An aura of mystery, faintly tinged with menace, permeates Canadian author Lye’s sensuous debut novel set in a remote, drought-imperiled part of Ontario. Farm owner Cynthia has attracted some desperately needed extra hands by advertising free artists’ residencies in exchange for farm work. A couple of the young arrivals quickly determine that the exhausting daily round of gardening, beekeeping, and other chores leaves scant time for creative pursuits (or anything else) and split. But Ibrahim, a painter from Toronto, and Halifax native Silvia, nominally an aspiring poet but mostly a directionless recent college grad chafing at her rigidly Christian parents’ expectations, embrace the opportunity and, eventually, each other. Casting a shadow over everything, however, is queen bee Cynthia, who may have a hidden agenda hinted at by references to her vanished former partner, Hilary—apparently a dead ringer for Silvia. Though the plot falters somewhat toward the finish, Lye offers an achingly lyrical excursion into a lost Eden. Agent: Stephanie Sinclair, Transatlantic Literary Agency (Canada). (May)
But something lies beneath the surface. The Edenic farm is plagued by events that strike Silvia as ominous: taps run red, scalps itch with lice, frogs swarm the pond. One by one, the other residents leave. As summer tenses into autumn, Cynthia's shadowed past is revealed and Silvia becomes increasingly paralyzed by doubt. Building to a shocking conclusion, The Honey Farm announces the arrival of a bold new voice and offers a thrilling portrait of creation and possession in the natural world.
In this sensuous debut, the honey is golden and enchanting, with an unexpected taste. Relatable as they are, Lye’s characters are true artistsit was impossible to fathom what they’d do next (and with whom!). Impetuous and passionate and utterly unpredictable, you’ll want to spend your entire summer on The Honey Farm.”
Harriet Alida Lye has created a modern-day Eden, shot through with innocence and foreboding. The landscape of this gripping debut is alive with tension and temptation, and I found myself seduced alongside Lye's unforgettable characters. Laying bare faith, identity, and love, this book presents a world where nothing is quite as it seems.
I loved this book. The way Harriet Alida Lye captures and registers moments of encounter with gentleness and specificity, like bees bumping against flowers - there’s magic afoot here.
The secret world of bees and the sensuous natural order in all its peril and glory come alive in this mesmerizing, suspenseful novel. Harriet Alida Lye is a writer of prodigious talent and The Honey Farm a thrilling, chills-inducing debut. Brava!
The Honey Farm delves into the intimate mysteries of art, madness, religion, and love through a story built with beautiful language and lush sensory detail. Gothic and subtly menacing, it's a book as rich as the sweet substance at its core.”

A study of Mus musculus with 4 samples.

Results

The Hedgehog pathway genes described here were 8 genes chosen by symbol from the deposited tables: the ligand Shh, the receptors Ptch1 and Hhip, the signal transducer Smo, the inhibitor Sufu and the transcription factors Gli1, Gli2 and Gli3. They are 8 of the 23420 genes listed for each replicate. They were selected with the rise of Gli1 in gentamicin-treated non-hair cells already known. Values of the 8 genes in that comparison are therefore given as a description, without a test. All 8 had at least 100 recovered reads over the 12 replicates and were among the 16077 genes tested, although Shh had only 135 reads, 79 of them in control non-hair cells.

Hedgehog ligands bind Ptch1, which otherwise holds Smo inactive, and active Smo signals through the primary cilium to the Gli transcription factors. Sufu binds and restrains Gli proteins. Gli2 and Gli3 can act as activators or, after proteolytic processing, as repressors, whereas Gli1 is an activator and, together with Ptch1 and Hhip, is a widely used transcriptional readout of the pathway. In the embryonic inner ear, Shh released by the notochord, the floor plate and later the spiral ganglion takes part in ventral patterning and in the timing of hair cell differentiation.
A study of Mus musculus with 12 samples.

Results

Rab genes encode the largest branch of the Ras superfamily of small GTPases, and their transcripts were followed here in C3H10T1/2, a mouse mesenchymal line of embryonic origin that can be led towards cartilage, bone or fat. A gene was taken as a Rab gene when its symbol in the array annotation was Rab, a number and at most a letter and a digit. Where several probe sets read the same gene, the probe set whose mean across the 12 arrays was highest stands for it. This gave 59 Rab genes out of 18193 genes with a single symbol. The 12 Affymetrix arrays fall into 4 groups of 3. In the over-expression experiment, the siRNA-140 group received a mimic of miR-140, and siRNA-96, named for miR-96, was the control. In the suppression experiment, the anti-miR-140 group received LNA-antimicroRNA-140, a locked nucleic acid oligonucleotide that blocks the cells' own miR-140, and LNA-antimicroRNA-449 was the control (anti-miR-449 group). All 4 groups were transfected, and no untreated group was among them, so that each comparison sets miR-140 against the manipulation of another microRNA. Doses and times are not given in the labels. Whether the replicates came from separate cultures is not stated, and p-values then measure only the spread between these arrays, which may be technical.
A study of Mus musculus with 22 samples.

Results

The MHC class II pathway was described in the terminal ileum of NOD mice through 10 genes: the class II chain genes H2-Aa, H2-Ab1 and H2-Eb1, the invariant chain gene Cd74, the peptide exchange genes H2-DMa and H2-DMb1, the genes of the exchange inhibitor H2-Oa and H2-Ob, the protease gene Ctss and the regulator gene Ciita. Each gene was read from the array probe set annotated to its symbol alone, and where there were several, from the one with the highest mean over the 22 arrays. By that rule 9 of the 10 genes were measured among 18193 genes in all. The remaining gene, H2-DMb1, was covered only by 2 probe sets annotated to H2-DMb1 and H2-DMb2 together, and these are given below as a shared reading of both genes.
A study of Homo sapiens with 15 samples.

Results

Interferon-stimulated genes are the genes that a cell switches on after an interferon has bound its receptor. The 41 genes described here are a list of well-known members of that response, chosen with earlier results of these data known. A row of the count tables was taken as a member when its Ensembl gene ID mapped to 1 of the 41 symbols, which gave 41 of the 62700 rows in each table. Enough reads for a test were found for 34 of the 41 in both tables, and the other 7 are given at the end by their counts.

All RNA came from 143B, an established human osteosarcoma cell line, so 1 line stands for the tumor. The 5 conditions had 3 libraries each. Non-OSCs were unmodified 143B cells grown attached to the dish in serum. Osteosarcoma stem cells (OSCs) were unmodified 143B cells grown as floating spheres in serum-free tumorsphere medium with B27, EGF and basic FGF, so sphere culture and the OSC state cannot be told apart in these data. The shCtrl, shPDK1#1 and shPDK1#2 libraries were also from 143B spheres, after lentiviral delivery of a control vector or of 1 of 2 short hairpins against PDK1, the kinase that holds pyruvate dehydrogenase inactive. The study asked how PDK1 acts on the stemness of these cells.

Mysterious, suspenseful, and unnerving, The Honey Farm offers a thrilling narrative that examines the distorted realities and conflicting perceptions that often exist in the quietest places.”
Two young artists grapple with love, purpose, and identity in a paradise turned sinister.In Lye's debut novel, a once-prosperous, now-troubled farm—known as The Honey Farm—is beset by problems of biblical proportions: frog-filled lakes, lice infestations, and diseased livestock. In an effort to save her land of milk and honey, the farm's enigmatic owner, Cynthia, and her assistant, Hartford, offer the property as an artist's retreat in exchange for manual labor. The summer brings together a group of artists including Silvia, a recent college graduate fleeing her religious family, and Ibrahim, an artist for whom "nothing exists...until he paints it." As the two grow closer, they slowly learn about Cynthia's past—and begin to see glimpses of a looming danger. For every intricate description of a delicate honeycomb, there's a worrisome image like hundreds of dead bees. The good exists among the bad; the light balances the dark. Short chapters, which shift between Silvia's and Ibrahim's points of view, help build suspense. As the book races to its close, the secrets beneath the surface begin to buzz as loudly as a bees nest. For a psychological thriller, the novel sometimes shows its hand too much, making the characters seem naïve or willfully ignorant. Despite this, there's a lot that's done right: the use of biblical verses and stories; the meticulous rendering of the farm; the unsettling tone woven throughout. Most important is Lye's lush, poetic prose, which soars off the page: "the earth soaks up water like someone thirsty for love," and "the world breaks and heals itself again, eternally." Each lyrical line feels like a gift left at the reader's altar.A honey-mouthed debut ruminating on creation, possession, and faith.